Every now and then, you come across a sauropod skull so beautiful, it’s almost enough to distract you from the vertebrae that it was attached to.  One such is the Giraffatitan brancai skull HMN T1, which you’ve seen here before if you’ve been around for a while.

(I am not kissing the real thing, but a slightly scaled 3d print of a scan made from the original.)

This is one of the many photos from the Berlin visit that was part of the German sauropod working group‘s 2008 conference.  That conference, the first they held that was open to people outside of their group, was the best one I have ever been to.  This year, they are holding a second conference, and Matt and I plan to be there again.  It’ll be in early December; no doubt we’ll report back when we return.

In a new comment on an oldish post, Peter Adlam asked:

I recently happened upon a picture of the late Jim Jenson standing beside the huge front leg of “Ultrasauros”, which leads me to ask a few questions. Did he really find a complete forelimb? Was the leg from Brachiosaurus altithorax? If that leg is valid at actual size how tall/long was the whole animal? It looks to be about 40% to 50% taller than the berlin Giraffatitan, I am guessing the leg is a constructed representation of how the leg would look rather than a cast of the actual leg because if the whole front leg was found they would probably be the most talked about sauropod bones in the world and the fact is I’ve heard pretty much nothing about these remains for years.

I answered this in a followup comment, but because the answer involved a few nice images, I thought it ought to be promoted into a post of its own.  So here it is, in expanded form.

I believe I know the picture Peter was talking about: it was either the one on the right, of Jensen working on the limb in the lab, or the one below of the same limb, again with Jensen, this time out in the desert.


As an aside: based on a post by ReBecca Hunt-Foster (scroll down to the 12th picture), it looks like this forelimb may have ended up in the New Mexico Museum of Natural History and Stuff (NMMNHS).

Anyway, the bad news is that, no, this is not a complete forelimb fossil. The worse news is that the limb is not even partly cast from real material: it’s a pure sculpture, based presumably on the forelimb of Giraffatitan brancai, but scaled up according to Jensen’s idea of how big “Ultrasauros” was. The only part of the model that probably was cast from real material is not part of the limb proper, but the scapulocoracoid — which is the only real brachiosaur element that Jensen found and described from the Dry Mesa quarry.  In fact, the scap in these photos (and in ReBecca’s) does look very much like BYU 9462, the element that Jensen meant to designate as the “Ultrasauros” holotype, but didn’t, instead plumping for … ah, you all know the story.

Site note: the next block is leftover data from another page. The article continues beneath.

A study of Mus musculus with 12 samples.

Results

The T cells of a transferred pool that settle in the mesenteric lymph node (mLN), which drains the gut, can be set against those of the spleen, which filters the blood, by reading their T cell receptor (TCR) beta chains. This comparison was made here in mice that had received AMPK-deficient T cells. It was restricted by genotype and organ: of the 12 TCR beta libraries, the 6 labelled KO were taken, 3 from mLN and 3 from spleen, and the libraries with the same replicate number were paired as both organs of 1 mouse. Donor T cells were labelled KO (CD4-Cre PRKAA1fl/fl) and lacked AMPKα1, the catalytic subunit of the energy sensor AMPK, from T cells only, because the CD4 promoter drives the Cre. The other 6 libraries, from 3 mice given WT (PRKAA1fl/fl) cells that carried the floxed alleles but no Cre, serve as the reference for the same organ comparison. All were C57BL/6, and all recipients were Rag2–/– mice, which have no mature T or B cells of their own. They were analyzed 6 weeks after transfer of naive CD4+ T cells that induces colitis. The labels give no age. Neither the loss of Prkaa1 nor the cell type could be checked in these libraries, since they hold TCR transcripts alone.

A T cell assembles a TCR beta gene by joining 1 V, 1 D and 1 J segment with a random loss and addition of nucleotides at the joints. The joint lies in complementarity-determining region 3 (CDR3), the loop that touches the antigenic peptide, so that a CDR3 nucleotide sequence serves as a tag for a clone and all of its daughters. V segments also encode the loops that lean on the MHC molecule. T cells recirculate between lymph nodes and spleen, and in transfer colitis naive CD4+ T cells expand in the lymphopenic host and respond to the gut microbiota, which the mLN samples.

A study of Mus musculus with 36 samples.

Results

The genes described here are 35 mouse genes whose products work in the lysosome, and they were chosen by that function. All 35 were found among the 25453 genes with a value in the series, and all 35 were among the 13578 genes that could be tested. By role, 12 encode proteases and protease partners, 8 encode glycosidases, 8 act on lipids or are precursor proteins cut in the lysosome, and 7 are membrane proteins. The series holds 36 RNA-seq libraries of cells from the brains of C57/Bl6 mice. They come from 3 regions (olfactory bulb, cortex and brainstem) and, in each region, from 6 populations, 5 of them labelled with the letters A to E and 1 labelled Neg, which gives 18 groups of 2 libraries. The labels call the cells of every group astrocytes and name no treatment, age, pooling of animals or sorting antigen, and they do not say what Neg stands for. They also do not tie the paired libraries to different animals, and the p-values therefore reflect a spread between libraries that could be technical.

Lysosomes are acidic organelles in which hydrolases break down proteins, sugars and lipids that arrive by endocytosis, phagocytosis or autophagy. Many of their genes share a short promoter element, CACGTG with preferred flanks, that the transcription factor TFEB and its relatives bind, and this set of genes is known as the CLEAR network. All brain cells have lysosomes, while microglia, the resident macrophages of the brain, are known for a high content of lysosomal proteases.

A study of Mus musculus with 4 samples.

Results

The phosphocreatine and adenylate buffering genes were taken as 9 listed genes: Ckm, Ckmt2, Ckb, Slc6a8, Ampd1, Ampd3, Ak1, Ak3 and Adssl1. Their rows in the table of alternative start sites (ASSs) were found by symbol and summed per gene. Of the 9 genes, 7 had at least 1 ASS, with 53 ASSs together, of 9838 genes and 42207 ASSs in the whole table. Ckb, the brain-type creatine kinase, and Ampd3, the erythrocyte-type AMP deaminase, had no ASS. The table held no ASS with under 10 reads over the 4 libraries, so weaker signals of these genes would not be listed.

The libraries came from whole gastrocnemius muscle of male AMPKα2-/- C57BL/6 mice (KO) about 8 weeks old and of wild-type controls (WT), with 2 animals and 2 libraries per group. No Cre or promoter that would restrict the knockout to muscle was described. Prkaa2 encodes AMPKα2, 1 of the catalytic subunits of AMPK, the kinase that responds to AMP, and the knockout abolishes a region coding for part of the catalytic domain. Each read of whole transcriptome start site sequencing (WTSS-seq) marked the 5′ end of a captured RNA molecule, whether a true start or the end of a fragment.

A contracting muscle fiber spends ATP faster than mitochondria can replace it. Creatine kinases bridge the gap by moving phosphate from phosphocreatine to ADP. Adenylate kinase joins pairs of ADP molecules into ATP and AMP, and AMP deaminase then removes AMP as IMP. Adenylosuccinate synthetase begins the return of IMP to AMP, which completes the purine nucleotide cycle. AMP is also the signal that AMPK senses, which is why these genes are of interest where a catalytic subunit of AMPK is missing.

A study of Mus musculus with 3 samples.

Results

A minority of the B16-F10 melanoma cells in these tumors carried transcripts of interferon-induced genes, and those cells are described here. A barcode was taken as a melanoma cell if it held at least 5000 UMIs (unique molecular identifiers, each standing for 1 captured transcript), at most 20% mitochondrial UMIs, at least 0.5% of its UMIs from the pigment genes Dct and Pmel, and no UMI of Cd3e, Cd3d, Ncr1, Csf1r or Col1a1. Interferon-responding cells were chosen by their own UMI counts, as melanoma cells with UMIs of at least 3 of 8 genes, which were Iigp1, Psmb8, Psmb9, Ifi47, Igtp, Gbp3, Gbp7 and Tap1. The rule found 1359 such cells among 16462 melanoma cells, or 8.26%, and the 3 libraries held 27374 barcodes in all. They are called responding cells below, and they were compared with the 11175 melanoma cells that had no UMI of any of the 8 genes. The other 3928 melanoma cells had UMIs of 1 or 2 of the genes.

"Ultrasauros" scapulocoracoid BYU 9462 (almost certainly a cast), with Graeme Elliott for scale.

But in fact, the scapulocoracoid in the whole-forelimb pictures above looks much too small in comparison with the other elements; or to put it the right way round, since only the scap is based on an actual fossil, all the other elements are too big — which suggests that Jensen exaggerated the sizes of the sculpted limb bones well beyond what the scapulocoracoid warranted.  (In any case, the idea that this scap represents a much larger brachiosaurid than any previously known specimen was shown by Curtice et al. (1996) to be mistaken — it’s from an animal pretty similar in size to, and probably a little smaller than, the largest known Tendaguru specimens.)

But the good news is, Peter’s sense of awe is not misplaced. Real brachiosaur forelimbs are actually not much less impressive than this. See for example me next to the right forelimb of the Berlin Giraffatitan mount, which is real bone — as shown in our classic post Shedloads Of Awesome:

Or here I am again, this time with the Chicago Brachiosaurus mount. (The Chicago mount is a cast, based on a hybrid of real Brachiosaurus elements, some bits of Giraffatitan, and some sculptures, but the scaling is good.)

My rule of thumb, based on a lot of posing for photos around the Chicago mount, is that if I stand next to the forelimb and reach up, I can just rest my hand on the top of the ulna without stretching.  I’m about six feet tall, if that helps.

Jim Jensen was 4% taller than me — 6’3″.  Bearing that in mind, and looking at the second photograph above (the first one is useless because of the forced perspective), Jensen’s inability to reach close to the top of the ulna suggests that his model is inflated by maybe 30%.  Which means that it represents an animal about 1.3^3 = 2.2 times as voluminous and heavy as it should be.  But let’s not forget that among the Giraffatitan material in Berlin is the isolated fibula XV 2, which at 134 cm in length is 12.6% longer than the 119 cm tibia of S II.  So that is from animal about half way between S II and Jensen’s Imaginary Monster in size.

So.  Real brachiosaurs are awesome enough.